Posted by: johnocunningham | May 5, 2014

Best Blogs of April: Law Firm Leadership and Management

This is my 18th post in a series of monthly features that I have dubbed “Best of My Blog Roll.” The concept is simple – at the end of a month I often peruse my own blog roll (see that column on the right) for material created by other bloggers that I think is most worthy of sharing with others, and then I report on it here.

For the month of April 2014, I have chosen to highlight two blog posts on the subject of law firm leadership and management.

The first post is about the leading indicators of success at law firms, and was published by Adam Smith, Esq. This post explains why shared vision (what I would call a “mission”) is so important, as well as building a C-Suite of completely empowered non-lawyer support professionals (for large law firms). It reminds me a bit of what I discovered in my own journey to find the keys to success at AmLaw 200 firms, which resulted in the publication of “The 10 Habits of Highly Successful Law Firms.”

The second post, entitled “What’s Next for Law Firm Leaders,” features an interview with Lee Pacchia from the “Business of Law” Web TV program, as well as some challenging analysis from Tim Corcoran of the “Business of Law” blog. Among the topics on which Corcoran opines are the relationship of behavior and compensation, one of the reasons that some law firms fear investment spending, and the prevalent law firm strategy of management by consensus or committee.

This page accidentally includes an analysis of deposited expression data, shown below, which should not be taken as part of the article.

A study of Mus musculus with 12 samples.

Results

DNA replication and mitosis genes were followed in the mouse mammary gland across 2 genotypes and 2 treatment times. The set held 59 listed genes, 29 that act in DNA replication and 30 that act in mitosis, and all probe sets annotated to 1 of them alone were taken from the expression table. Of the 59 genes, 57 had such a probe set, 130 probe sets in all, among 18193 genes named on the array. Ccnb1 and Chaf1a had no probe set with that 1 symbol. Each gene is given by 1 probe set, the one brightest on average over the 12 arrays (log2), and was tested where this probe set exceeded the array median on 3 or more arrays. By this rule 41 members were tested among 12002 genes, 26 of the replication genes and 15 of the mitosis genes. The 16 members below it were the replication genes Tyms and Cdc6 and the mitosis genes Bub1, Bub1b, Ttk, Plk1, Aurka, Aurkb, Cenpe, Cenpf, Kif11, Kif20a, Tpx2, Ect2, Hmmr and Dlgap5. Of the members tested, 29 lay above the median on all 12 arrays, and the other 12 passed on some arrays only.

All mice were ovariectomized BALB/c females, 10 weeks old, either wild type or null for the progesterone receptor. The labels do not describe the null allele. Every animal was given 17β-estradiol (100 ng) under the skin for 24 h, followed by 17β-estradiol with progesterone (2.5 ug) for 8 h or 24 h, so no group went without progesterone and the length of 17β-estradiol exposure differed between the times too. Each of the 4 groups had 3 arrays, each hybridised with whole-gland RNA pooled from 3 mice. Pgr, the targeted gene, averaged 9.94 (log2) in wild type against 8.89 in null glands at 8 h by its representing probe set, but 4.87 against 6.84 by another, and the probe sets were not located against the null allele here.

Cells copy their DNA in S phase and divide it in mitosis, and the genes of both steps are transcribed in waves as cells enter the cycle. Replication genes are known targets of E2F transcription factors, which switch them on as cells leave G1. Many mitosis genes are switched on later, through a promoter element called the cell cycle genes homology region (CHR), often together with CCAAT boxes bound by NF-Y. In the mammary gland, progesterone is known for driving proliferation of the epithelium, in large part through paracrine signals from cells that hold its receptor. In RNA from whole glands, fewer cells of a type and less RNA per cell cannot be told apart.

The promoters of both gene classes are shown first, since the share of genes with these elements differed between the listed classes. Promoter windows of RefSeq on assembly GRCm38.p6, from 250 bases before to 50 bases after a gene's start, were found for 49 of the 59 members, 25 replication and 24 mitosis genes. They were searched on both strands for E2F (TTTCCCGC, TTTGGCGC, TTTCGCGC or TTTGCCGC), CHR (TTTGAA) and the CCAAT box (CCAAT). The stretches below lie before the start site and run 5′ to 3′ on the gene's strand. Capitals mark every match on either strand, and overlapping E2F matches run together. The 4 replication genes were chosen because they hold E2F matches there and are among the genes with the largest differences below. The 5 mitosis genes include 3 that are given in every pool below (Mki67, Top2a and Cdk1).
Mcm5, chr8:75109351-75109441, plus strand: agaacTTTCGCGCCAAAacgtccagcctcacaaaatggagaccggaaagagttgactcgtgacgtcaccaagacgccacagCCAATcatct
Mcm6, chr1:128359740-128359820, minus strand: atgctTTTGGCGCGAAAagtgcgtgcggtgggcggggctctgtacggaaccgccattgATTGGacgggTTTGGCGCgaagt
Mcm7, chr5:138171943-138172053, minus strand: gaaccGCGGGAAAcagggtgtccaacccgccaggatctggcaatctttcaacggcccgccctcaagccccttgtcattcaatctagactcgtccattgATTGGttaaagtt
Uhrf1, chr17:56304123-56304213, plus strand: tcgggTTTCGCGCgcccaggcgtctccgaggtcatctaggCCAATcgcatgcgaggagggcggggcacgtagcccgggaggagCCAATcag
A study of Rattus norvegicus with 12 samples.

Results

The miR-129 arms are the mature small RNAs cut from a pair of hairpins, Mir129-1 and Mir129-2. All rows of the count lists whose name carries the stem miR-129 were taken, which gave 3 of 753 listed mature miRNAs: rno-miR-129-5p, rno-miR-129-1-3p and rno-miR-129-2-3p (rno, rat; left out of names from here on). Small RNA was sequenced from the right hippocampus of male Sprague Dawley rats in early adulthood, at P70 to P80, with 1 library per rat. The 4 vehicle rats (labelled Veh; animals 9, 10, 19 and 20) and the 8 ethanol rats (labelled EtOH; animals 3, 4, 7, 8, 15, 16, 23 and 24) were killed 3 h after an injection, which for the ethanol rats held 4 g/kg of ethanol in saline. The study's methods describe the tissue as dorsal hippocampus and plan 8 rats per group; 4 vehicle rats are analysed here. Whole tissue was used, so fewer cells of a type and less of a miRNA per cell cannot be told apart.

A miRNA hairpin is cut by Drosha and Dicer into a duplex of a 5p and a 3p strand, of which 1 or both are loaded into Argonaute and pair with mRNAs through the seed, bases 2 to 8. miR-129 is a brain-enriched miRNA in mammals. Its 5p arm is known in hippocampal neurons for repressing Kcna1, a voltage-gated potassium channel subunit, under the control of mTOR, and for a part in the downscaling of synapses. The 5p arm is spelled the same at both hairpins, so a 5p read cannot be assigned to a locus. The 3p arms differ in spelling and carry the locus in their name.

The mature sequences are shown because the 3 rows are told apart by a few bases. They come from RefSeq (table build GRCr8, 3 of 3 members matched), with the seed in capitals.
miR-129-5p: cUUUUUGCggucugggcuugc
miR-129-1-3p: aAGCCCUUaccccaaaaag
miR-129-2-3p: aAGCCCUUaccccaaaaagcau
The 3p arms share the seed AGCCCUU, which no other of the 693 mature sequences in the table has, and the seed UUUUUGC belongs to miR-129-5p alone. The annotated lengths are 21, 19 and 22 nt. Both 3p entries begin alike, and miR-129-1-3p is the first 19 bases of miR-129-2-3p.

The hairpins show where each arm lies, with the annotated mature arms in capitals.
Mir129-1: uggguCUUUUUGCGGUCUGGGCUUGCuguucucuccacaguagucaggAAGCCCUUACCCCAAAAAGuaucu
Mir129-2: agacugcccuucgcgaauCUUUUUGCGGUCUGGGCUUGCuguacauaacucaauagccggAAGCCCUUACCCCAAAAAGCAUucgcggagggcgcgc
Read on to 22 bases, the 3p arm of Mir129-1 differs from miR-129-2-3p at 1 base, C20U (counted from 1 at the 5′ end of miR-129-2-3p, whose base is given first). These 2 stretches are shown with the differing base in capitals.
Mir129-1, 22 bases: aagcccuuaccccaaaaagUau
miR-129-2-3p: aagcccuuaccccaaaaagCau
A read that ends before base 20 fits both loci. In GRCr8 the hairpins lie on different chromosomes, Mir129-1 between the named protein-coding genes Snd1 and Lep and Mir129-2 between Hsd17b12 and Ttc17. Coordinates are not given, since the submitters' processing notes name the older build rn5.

I also liked one other post a lot that deserves mention. It is found on LawVision INSIGHTS, and deals with the common and very valid refrain from some law firm partners that they are hesitant about business development when they are already handling maximum capacity. This post, however, does not mention what I feel is the most obvious business solution to this problem – the solution employed by business enterprises globally.

When businesses are functioning to capacity and they have the ability to generate new orders, they don’t shut down or stop taking orders. Instead, they invest in additional plant capacity, or more frequently and effectively, they use technology and process improvement to increase capacity by reducing the labor hours per project. This allows a business to operate to higher capacity without adding headcount or spending capital on larger workspace.

Furthermore, if you can figure out how to do more with less (as companies do every day) then you can charge more per hour and still offer the client savings on a per project basis. Everyone is a winner when you figure out how to be more productive, and that is why productivity is related to business/client development.

Every sophisticated business in the world must use process improvement and technology to serve their customers better, or they don’t survive. That same competitive atmosphere is now descending on law firms.